Aminatta Forna travels to Croatia for her fourth novel ♦
In her fourth book, Aminatta Forna ventures out of Sierra Leone and Africa, the setting for her previous titles (including the Commonwealth Writer’s Prizewinning The Memory of Love). Set in a small town at the foot of the mountains in Croatia, The Hired Man, like Forna’s earlier work, grapples with the effects of violence and war – now in the past, but never far from the surface of the present, a “dark child scratching on the walls”, as Duro, the story’s narrator and titular character, writes.
In the supple and self-assured style of an author who has consciously honed her craft over time and who can draw description out from the wells of imagination and research, Forna describes the beauty of the Croatian countryside and the horrors buried in its wildflower-filled fields and azure swimming holes with equal skill. The story unfolds over a few summer weeks, during which time Duro Kolak also revisits the span of his 46 years. His outpouring of memories is prompted by the arrival of Laura, an Englishwoman who has purchased an abandoned home nearby with her husband. With her two teenage children in tow, Laura busies herself with restoring the “blue house” and enlists him to help. She’s set her sights on starting a real estate service for wealthy outsiders looking for vacation homes, but when it comes to knowing the reason for these abandoned houses, she’s happy to turn a blind eye to the area’s history.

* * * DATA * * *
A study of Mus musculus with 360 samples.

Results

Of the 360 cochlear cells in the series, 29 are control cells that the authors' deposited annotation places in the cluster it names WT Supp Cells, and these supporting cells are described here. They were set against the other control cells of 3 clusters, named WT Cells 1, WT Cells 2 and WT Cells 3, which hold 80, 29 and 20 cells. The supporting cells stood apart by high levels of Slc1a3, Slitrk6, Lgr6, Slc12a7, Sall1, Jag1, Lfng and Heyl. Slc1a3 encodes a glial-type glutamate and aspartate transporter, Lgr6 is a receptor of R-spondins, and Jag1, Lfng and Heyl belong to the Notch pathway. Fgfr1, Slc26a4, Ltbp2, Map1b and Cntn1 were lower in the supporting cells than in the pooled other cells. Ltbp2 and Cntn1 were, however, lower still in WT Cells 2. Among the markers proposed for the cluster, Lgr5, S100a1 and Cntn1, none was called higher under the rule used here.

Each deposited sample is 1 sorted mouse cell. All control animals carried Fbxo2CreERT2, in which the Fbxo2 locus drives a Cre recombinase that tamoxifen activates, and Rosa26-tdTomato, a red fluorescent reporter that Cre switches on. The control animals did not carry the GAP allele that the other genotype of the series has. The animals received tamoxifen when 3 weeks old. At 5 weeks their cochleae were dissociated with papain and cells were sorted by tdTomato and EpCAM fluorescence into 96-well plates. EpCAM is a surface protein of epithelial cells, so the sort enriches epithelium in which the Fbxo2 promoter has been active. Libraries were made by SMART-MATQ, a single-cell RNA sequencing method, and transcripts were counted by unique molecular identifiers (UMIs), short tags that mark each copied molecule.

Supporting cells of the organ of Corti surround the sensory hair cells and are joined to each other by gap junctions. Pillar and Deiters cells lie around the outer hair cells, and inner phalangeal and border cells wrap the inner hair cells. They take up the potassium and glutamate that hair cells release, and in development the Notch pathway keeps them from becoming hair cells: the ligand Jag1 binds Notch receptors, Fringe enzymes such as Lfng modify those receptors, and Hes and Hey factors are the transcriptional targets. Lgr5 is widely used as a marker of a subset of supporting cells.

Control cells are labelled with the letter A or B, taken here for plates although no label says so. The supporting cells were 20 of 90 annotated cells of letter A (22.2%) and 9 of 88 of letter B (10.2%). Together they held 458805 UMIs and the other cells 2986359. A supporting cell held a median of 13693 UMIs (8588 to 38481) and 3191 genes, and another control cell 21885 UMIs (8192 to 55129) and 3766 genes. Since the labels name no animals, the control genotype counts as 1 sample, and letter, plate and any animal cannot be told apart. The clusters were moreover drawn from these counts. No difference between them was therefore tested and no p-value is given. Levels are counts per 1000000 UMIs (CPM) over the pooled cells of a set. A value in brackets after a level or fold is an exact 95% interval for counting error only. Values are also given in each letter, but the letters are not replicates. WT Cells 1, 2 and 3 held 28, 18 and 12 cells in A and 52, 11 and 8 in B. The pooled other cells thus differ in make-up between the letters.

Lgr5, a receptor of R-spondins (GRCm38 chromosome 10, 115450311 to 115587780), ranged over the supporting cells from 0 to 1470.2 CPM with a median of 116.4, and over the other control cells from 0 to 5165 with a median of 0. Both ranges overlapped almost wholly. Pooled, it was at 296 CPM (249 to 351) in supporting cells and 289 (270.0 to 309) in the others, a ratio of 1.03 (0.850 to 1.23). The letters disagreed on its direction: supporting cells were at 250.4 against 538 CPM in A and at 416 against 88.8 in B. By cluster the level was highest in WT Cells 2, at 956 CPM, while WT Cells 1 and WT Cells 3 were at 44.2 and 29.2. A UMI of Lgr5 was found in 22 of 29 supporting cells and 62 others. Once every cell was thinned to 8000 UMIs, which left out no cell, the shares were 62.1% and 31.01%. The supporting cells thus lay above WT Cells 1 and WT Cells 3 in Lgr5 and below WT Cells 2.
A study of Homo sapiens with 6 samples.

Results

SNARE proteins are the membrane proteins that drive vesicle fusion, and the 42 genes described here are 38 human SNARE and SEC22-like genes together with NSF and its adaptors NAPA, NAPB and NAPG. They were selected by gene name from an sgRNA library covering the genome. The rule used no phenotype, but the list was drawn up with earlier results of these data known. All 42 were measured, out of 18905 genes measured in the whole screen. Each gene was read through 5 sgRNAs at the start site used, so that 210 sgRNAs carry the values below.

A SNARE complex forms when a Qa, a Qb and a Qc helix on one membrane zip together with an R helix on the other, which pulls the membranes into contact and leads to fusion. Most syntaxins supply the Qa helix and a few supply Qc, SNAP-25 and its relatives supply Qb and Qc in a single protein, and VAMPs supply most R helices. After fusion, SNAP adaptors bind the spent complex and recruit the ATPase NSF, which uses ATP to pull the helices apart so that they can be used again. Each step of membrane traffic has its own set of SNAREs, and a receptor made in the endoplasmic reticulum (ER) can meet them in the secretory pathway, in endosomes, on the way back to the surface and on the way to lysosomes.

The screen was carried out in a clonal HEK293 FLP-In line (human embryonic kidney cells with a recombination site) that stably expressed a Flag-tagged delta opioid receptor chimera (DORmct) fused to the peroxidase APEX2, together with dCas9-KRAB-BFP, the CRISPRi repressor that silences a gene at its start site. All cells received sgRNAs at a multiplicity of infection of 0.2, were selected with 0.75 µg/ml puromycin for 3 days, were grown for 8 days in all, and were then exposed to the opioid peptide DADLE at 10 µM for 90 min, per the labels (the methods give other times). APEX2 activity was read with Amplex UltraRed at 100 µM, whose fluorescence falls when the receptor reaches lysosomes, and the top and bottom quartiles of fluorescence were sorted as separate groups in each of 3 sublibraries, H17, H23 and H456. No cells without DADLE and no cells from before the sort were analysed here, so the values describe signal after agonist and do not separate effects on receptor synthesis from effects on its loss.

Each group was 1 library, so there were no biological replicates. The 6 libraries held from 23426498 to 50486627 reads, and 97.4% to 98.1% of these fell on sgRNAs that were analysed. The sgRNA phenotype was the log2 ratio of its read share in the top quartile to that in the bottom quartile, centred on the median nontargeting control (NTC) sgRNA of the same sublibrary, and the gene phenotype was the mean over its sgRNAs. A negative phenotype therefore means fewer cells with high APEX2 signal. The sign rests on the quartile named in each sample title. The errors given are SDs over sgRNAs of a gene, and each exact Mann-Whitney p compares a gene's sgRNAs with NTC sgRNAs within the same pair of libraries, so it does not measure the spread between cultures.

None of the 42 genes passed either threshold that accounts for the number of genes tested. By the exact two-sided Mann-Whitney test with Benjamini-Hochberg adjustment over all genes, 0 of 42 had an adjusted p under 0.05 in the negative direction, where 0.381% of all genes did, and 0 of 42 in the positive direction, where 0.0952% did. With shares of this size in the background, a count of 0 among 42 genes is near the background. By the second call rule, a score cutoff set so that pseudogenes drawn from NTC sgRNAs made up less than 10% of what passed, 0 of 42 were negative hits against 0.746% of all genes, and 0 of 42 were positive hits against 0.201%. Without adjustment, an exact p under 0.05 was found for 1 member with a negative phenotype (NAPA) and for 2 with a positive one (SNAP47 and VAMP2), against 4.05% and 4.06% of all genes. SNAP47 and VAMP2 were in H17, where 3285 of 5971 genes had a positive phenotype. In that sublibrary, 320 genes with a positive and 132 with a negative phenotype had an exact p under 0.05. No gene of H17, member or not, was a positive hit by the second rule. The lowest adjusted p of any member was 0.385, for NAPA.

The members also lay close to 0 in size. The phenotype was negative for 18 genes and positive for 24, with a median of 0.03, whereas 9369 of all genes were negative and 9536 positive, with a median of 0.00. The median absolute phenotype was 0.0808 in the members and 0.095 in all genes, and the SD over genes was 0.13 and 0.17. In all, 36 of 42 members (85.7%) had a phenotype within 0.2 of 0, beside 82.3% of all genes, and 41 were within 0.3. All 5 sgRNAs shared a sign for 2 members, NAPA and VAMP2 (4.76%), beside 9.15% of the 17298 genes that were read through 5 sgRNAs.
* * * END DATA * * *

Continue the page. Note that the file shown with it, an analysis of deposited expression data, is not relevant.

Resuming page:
Ultimately the family has to confront this past, though the more horrifying events remain contained within Duro’s memories of the 1990s. And while these memories incorporates soldiers, sieges and abductions, Forna’s intent isn’t to shock but to question what makes some humans despise others and to discover what happens when childhood grudges and playground politics are grafted onto communal conflicts and flourish there, blooming into the most grotesque expressions of hatred. Forna eloquently frames this question, keeping things interesting through suspended information and some rather nice, nonmainstream character dynamics (the friendship between Duro and Laura’s daughter, Duro’s relationship with his hunting dogs).
Because she doesn’t point to the war’s political perpetrators by name (referring more directly to the town’s fictional petty villains) and because her narrator is a man who sometimes has to look away from the truth in order to live with it, The Hired Man can seem a little bloodless compared to Forna’s more personal work set in Sierra Leone (her father was a politician there and was hanged on charges of treason). Yet following last year’s “best tourist season in Croatia’s history,” according to that country’s tourism minister, Forna’s latest is a timely reminder that “Et in Arcadia Ego”.